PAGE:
An American Werewolf in London (1981)

A bit dated, but good to watch if you want to laugh, and be scared.

American backpacker David (David Naughton), after surviving a vicious werewolf attack that left his friend, Jack (Griffin Dunne), dead, becomes a murderous werewolf himself. Prowling the streets of London, David learns that his living-dead victims will wander in limbo until he is dead.

This is one of those films that your parents love, because its funny, but also scary, and bloody. You can barely ever find it anywhere in today’s world, but when you do it’s always a treat.

Director John Landis does a great job with this material, because he puts the horror-comedy genre together in such a nice way. He makes a lot of his scenes that are meant to be funny, very funny, and the scenes that are supposed to be scary, actually quite terrifying. However, at first I liked it, then after awhile, it was getting annoying.

The constant tonal changes were pissing me off, cause they switched off right away, there was no pause in between changes, just goes fright from comedy, straight to bloody horror. And it would be fine, if the horror wasn’t so bad, but it really is gory as hell, and will sometimes have viewers turn the other way.

The best thing about this film, that everybody loves about this one, is the great make-up job. The costumes of the wolf looks great and it looks very, very real. But it’s the blood, the gore, and the dead bodies that all look great too, and this film really did change the way horror films have their costumes, make-up, and material all look, and let’s just say it is surely one great job here.

David Naughton is very good here in the lead role. He plays that charming guy character very well, and doesn’t come off as a dick, so when it comes to us being on his side for all of this, we are. Griffin Dunne brings a lot to the table, providing a lot of good humor for the parts he has. Also, Jenny Agutter is very great here, providing not only the looks for her character, but the emotional depth that this film didn’t really have for its characters. That’s the other thing that bothered me about this film was that it never got into the transition of these characters, it was just one-note a lot of the times, and that disappointed me, cause that’s what this film needed.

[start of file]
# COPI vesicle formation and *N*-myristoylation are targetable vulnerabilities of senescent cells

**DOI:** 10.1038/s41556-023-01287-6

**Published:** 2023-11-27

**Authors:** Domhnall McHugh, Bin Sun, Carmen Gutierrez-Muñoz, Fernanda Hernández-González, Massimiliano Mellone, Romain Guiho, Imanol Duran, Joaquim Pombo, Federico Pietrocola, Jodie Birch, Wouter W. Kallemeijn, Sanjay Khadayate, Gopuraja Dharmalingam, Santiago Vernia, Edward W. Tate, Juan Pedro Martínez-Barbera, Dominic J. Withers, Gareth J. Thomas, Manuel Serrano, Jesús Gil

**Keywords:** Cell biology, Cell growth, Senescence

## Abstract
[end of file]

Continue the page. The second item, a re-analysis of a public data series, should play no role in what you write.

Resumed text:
Consensus: Not the greatest horror flick of all-time, but a good one none the less, with a good direction of horror and comedy, as well as great make-up jobs.



  1. Good critique! Interesting point on the transition of the characters. My favorite part of this flick is, almost 30 years later, that make-up work is still damn good.

  2. One of my all time favourite movies and the best horror-comedy ever made! Rick Baker’s work is second-to-none in the film – still looks great today.

  3. “The best thing about this film, that everybody loves about this one, is the great make-up job.”

    Not to people of my age, Dan. The best bit was the Agutter shower scene; it was phenomenal for English lads of that period, and made us thankful for VCRs.

    • Haha, as I was reading the review I couldn’t help but be reminded of the BBC comedy Coupling. I seem to recall a reference to one of the character’s childhoods being heavily influenced by Jenny Agutter and her seemingly incessant nudity.

      At any rate, I enjoyed the review, and agree for the most part. Personally, I like how the gore and comedy come together eventually. Like the scene in the XXX theater. You can’t help but be grossed out by Griffin Dunne, but the whole sequence is still quite funny.

      I have the same sort of squeamish onset of giggling when I watch one of the concluding scenes from Hot Fuzz. The one where Timothy Dalton is impaled by a model of the village. Horrifyingly graphic, and piss-in-your-pants funny all at the same time. Masterfully done.